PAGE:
WHAT'S WORKING: Locals band together to stop teen suicide

CINCINNATI, OH (FOX19) - A group of locals are banding together to try to stop any more young people from committing suicide.

According to the Centers for Disease Control and Prevention, suicide is currently the third leading cause of death among young people. Researchers say there are many reasons behind the issue, including: bullying, sexting, and cyber-bulling. One group in the Tri-state is now banding with a nationwide advocacy organization to try to get lawmakers to pass a law to making it mandatory for teachers to learn the signs of suicide.

The proposed law is called the Jason Flatt Act. It's currently in play in nine states. Ohio isn't one, but locals are working hard right now to ensure that changes in 2012.

Senovia Byndon wants you to talk about what many would rather keep quiet about:suicide.

"When you talk to someone who doesn't understand the thought of suicide or someone contemplating that; they freeze," said Byndon. "They get the look in their faces. You can tell it right away. They're look. Oh! I don't wanna talk about this."

After watching a story on FOX19 last summer about a teenager who took his own life, Byndon said she wanted to do something to help. In June, she started a program at the Bond Hill Recreation Center. She spends hours every week with young girls-- just listening to them.

Byndon learned the signs of suicide after volunteering with the American Foundation for Suicide Prevention or AFSP.

Michelle Bauer is a field advocate with AFSP. She also helps run a local 24-hour call center at Centerpoint Health.

AFSP recently paired up with The Jason Foundation, Inc. (JFI). Members of both AFSP and JFI are gearing up to pass the Jason Flatt Act in nine more states: Alabama, Alaska, Georgia, Michigan, North Dakota, Ohio, South Carolina, Utah, and Virginia.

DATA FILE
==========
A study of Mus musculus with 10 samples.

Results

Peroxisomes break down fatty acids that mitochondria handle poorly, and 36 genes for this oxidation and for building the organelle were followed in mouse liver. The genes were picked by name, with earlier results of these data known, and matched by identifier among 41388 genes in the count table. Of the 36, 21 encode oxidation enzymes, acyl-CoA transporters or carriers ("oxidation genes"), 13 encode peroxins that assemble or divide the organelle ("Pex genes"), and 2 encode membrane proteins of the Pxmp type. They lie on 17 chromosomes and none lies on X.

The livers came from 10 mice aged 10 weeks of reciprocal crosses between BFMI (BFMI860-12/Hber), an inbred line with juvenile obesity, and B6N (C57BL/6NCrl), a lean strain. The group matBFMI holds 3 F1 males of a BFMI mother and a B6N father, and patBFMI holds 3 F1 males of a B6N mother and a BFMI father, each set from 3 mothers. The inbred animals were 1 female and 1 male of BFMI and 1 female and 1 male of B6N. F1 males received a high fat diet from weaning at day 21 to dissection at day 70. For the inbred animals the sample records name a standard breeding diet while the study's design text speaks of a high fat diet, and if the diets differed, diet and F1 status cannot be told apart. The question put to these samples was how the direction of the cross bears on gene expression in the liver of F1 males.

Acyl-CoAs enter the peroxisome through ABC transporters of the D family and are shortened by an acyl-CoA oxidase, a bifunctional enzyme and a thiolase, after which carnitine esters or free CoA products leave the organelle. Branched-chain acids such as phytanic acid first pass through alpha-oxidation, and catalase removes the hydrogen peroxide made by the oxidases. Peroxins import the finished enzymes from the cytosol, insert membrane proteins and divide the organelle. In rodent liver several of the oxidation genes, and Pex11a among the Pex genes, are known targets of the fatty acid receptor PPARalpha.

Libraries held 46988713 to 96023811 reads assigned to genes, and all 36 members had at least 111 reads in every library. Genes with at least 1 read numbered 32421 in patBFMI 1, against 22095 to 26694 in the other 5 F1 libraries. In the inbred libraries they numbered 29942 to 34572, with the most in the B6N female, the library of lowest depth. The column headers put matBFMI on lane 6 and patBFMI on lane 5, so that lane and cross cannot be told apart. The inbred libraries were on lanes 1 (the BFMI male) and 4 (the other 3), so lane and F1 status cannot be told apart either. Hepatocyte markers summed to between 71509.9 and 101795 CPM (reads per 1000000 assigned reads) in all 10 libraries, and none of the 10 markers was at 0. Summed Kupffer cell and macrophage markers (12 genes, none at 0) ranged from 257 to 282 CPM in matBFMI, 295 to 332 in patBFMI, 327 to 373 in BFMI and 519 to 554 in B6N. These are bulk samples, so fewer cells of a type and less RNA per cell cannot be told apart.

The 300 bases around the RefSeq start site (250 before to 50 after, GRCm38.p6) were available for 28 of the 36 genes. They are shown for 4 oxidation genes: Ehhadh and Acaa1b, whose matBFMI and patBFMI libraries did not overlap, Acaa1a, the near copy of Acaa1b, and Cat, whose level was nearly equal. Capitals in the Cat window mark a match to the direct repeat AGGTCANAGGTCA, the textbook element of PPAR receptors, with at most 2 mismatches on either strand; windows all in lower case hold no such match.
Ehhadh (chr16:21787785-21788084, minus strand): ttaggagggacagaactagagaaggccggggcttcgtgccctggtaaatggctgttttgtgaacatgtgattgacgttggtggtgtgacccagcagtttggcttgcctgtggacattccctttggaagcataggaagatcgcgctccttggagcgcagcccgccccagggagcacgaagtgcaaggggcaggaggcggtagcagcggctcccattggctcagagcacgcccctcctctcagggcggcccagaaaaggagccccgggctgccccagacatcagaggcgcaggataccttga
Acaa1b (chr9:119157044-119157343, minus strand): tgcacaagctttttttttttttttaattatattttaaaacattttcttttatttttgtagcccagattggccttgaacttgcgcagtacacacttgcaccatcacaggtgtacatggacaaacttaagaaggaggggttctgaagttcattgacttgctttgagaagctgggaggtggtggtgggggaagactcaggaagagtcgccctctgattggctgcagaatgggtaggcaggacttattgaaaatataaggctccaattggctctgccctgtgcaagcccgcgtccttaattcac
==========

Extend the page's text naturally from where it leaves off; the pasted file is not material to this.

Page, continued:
The legislation is the brainchild of a father in Tennessee.

"It was a parent whose son committed suicide," said Byndon. "{The son} was 16 years old. {The father} said I didn't know. The counselor said I didn't know."

The bill was first adopted in 2007 in Tennessee. Clark Flatt pushed for the legislation after he founded JFI after his 16-year-old son, Jason, took his own life in 1997. Since then, it's been adopted in nine other states-- including Kentucky.

Volunteers are trying to make it mandatory for teachers, counselors, cafeteria workers, and coaches to have at least two hours of training to see the signs. In most states, the Jason Flatt Act mandates two hours of suicide prevention training for school personnel, although the requirements vary in some states.

"Look for things that might be there or a child might not be saying that they're suicidal, but then a teacher can ask," said Bauer.

Members of AFSP will head to Washington, D.C. in February to meet with Ohio lawmakers to try to pass the Jason Flatt Act. AFSP research shows 24 states plus D.C. have no laws that mandate, encourage, or promote suicide prevention training in schools, for school personnel, or for students.

Janet Walsh, a spokesperson for Cincinnati Public Schools, told FOX19 that right now all-school staff are encouraged, not mandated, "to be alert to the signs of students and emotional difficulties and refer students for assistance to appropriate internal staff or mental health partners."

However, Byndon hopes all Ohio school districts soon take it a step further, before it's too late.

Byndon has a message for anyone contemplating committing suicide: "Think about the people that love you. They love you. Don't you think you deserve to give them a second to hear you say Help me! Help!"

The 24-hr suicide prevention lifeline is: 1-800-273-TALK (8255) or 513-281-CARE (2273). If you or someone you know is in crisis, call the number anytime.